GROWER deliveries into Viterra’s network slowed in the week to December 3 to 291,546 tonnes, down from 688,241 in the previous week, the bulk handler said in its Weekly Harvest Report out yesterday.
Total receivals into Viterra’s South Australian sites, and its two in far western Victoria, now stand at 4.4 million tonnes (Mt).
Wheat made up more than half of all commodities delivered in the week to December 3.
Viterra general manager supply chain Derek Robjohns said the company’s port terminals have loaded more than 1Mt of grain for export in the past two months.
“This is the first time in more than 10 years we’ve loaded over 1 million tonnes during October and November,” Mr Robjohns said.
|Week to Dec 3
|Harvest to Dec 3
Table 1: Deliveries for the 2023-24 harvest to December 3. Source: Viterra
Viterra Western region operations manager Nick Pratt said it was a slower receivals week last week due to the rain, and harvest starting to wrap up in some districts.
“Some growers were frustrated about the rain slowing their harvest,” Mr Pratt said.
“We supported customers by opening our sites for moisture tests to see when they could start harvesting again.”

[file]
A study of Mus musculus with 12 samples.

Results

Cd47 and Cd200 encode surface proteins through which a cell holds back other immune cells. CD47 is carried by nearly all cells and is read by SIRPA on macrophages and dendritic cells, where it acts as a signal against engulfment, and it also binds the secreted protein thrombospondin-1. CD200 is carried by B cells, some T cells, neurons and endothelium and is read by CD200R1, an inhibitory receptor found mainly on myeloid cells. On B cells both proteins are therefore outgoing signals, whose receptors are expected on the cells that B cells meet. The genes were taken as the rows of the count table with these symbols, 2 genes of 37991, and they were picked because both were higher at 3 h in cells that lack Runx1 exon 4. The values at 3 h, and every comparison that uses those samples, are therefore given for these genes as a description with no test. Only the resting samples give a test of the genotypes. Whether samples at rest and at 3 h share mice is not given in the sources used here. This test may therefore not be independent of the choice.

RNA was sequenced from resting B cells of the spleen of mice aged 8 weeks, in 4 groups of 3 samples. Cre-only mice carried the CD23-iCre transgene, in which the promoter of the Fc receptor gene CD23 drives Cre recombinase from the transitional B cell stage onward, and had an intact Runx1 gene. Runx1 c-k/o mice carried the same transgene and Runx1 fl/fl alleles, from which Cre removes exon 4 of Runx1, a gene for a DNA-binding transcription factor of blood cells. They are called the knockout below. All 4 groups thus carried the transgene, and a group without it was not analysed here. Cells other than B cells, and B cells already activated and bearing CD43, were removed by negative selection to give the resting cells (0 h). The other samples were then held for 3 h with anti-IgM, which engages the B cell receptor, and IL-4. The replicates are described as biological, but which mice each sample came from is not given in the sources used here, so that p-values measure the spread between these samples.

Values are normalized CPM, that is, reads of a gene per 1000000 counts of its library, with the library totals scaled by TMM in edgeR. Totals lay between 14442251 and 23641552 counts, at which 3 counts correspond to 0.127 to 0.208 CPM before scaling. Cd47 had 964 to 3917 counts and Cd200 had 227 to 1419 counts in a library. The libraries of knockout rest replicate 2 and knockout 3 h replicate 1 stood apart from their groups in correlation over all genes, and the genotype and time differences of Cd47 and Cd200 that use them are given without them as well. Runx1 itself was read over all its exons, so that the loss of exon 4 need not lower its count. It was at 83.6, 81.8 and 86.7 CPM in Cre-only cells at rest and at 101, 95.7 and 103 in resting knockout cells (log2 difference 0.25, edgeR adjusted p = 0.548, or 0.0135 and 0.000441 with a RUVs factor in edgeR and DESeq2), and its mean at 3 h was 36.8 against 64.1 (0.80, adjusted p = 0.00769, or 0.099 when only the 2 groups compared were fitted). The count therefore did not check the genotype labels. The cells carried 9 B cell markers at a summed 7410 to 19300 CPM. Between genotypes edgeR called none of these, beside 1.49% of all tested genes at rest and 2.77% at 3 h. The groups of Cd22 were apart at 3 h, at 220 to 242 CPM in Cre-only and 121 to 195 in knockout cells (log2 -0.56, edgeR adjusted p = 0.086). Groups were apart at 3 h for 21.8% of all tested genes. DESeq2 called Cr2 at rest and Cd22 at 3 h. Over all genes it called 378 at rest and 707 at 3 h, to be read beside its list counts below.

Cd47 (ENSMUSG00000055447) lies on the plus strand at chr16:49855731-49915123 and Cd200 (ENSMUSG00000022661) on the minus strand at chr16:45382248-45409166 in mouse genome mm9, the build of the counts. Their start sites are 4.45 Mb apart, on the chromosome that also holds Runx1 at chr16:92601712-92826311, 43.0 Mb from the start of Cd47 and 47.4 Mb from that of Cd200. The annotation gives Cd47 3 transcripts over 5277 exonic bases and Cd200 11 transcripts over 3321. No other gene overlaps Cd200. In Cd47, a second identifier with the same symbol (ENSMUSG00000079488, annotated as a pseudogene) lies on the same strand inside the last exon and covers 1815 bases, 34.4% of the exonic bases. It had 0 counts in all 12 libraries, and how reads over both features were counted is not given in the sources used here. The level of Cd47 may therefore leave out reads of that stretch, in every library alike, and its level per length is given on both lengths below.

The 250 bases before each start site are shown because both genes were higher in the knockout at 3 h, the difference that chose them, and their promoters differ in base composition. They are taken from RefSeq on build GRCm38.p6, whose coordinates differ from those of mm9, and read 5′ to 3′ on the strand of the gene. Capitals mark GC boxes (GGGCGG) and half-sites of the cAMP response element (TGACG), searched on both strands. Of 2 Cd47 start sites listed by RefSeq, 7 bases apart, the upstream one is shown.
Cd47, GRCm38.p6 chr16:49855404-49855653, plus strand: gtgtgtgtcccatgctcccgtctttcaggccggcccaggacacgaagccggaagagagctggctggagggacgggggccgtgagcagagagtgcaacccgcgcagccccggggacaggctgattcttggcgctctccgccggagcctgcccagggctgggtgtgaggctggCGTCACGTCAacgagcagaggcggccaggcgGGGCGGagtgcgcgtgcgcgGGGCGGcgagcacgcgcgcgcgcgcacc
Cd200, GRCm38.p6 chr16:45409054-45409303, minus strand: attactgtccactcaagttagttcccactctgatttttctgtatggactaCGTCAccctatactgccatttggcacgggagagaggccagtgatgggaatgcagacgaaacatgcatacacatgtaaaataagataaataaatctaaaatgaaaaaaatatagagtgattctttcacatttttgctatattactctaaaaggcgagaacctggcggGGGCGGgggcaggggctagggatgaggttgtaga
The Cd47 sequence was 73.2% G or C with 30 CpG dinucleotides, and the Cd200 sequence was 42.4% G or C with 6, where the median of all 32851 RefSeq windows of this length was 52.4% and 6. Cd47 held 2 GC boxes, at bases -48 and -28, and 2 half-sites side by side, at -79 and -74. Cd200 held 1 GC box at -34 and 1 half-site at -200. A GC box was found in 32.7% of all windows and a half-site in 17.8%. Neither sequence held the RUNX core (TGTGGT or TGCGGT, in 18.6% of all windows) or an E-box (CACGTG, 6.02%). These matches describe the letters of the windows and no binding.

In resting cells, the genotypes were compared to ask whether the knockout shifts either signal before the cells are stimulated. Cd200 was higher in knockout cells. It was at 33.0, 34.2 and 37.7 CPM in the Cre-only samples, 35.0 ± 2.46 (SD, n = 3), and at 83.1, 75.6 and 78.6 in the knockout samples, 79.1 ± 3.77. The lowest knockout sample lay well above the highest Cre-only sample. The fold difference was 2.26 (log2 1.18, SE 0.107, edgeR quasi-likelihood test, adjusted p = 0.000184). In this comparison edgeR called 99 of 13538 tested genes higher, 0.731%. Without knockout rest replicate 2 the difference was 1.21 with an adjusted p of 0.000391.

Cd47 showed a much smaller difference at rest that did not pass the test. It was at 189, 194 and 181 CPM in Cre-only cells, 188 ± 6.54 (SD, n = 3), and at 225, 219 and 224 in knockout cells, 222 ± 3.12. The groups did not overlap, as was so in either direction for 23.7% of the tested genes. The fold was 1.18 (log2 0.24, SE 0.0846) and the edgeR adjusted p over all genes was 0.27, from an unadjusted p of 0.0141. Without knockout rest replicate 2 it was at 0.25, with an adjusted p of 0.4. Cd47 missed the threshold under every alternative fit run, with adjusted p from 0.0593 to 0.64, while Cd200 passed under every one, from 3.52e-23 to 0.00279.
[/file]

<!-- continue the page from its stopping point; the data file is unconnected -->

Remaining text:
“Our main sites still seeing activity are Cummins, Port Lincoln and Tumby Bay, while Port Neill and Kapinnie are receiving smaller quantities of pulses.
“Most sites further afield are winding down with sites closing, cleaning up, or preparing for fumigation as part of our food-safety and quality-management process.”
Mr Pratt said the region saw cargoes depart from its two ports last week.
“We completed vessels at Port Lincoln and Thevenard and began loading another shipment at Port Lincoln.”
Viterra Central region operations manager Jack Tansley said the region saw a reduction in deliveries towards the weekend.
“The busiest receival sites during the week were Roseworthy, Gladstone, Saddleworth, Port Giles, Snowtown and Bowmans,” Mr Tansley said.
“Deliveries reduced as the wet weather set in, with growers getting back into harvesting on the weekend.
“We estimate that growers in the Central region are around two-thirds through their harvests.
“Most growers are harvesting wheat, with a few still on beans and finishing up the remaining barley and canola.”
Central region exported its first new-crop cargo from Port Giles last week, 10,000t of wheat bound for an end-user customer.
The Eastern region took the most deliveries across all regions, and its operations manager Andrew Cannon said receivals increased later in the week.
“As conditions improved later in the week and into the weekend, we saw an increase in grain receivals across our sites,” Mr Cannon said.
He estimates growers in the Eastern region are about halfway through harvest.
“The northern Mallee harvest is coming towards the end, while deliveries in the south east are continuing to build.”